Also found in: Dictionary, Thesaurus, Medical, Legal, Acronyms, Wikipedia.
the part of a computer program that is used to solve similar-type problems. A subroutine usually describes a separate step in the computation process and can be used more than once in one or several different programs. Typical subroutines are used to compute elementary functions, such as sin x, In x, and e-x, to solve systems of equations, and to remove the results of computations in various forms. If it becomes necessary to use the subroutine during the running of the basic program, the subroutine is called at the appropriate place in the program, and after it has been run, control is transferred back to the main program. A subroutine can call on another.
A subroutine should have the following characteristics: it should be subject to standardized access rules that make it possible to call the subroutine from the main program by means of one or more instructions; it should be able to work with a broad range of initial data, for example, independent variables of a function; it should be relocatable, that is, it should be possible to place and run it in various parts of the computer memory. Subroutines are often arranged in subroutine libraries. So-called standard subroutines satisfying rigid conditions are used in automatic programming.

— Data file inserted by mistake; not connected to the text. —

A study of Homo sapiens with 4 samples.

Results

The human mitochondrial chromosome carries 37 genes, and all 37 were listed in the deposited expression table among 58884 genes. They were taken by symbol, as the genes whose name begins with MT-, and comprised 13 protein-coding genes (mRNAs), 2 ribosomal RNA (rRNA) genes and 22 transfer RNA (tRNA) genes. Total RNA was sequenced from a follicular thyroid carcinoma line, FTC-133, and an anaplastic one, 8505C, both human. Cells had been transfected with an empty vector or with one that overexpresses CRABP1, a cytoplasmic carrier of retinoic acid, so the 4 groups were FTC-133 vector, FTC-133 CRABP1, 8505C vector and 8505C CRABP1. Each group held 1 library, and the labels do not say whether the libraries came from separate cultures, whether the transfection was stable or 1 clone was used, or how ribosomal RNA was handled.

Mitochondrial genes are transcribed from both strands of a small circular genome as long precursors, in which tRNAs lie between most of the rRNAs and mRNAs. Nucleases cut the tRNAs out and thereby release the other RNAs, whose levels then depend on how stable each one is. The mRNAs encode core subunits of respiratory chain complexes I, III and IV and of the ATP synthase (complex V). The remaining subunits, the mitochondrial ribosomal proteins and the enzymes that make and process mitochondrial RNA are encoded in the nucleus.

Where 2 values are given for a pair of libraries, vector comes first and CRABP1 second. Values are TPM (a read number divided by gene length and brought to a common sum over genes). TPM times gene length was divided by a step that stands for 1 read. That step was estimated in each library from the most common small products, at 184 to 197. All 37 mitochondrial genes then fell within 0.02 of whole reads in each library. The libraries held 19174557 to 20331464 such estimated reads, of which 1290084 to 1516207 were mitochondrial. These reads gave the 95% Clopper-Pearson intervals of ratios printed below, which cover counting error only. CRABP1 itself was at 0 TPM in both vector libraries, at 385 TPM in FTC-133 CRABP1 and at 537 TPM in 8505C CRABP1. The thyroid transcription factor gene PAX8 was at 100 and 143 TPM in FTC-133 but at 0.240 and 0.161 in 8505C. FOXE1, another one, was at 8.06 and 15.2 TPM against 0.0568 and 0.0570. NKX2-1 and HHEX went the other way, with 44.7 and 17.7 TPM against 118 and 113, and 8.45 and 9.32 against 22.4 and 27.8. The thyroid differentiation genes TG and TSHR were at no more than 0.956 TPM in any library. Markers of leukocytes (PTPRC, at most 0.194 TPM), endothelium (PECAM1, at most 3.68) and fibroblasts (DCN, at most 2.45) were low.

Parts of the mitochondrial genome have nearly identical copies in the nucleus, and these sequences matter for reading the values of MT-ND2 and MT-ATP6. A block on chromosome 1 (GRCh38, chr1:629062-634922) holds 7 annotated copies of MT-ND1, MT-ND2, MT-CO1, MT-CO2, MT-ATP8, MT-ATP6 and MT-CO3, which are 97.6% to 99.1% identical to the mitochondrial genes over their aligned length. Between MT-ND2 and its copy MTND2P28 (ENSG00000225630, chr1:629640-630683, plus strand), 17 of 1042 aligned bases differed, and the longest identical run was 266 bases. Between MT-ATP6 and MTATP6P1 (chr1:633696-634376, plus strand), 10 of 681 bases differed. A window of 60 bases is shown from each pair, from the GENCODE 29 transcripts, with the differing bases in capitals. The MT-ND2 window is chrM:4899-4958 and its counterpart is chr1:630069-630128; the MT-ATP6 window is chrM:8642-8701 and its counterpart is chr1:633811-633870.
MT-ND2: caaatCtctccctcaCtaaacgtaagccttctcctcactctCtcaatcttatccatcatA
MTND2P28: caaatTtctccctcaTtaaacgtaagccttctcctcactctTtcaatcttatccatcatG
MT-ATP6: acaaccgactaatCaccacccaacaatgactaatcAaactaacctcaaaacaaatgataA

The use of subroutines is one way to save time and effort in writing computer programs. Subroutines form the basis of modular programming.
REFERENCELavrov, S. S. Vvedenie v programmirovanie. Moscow, 1973. (Bibliography.)
A. V. GUSEV
Most languages also allow arguments to be passed to the subroutine, and one, or occasionally more, return values to be passed back.
A function is often very similar to a subroutine, the main difference being that it is called chiefly for its return value, rather than for any side effects.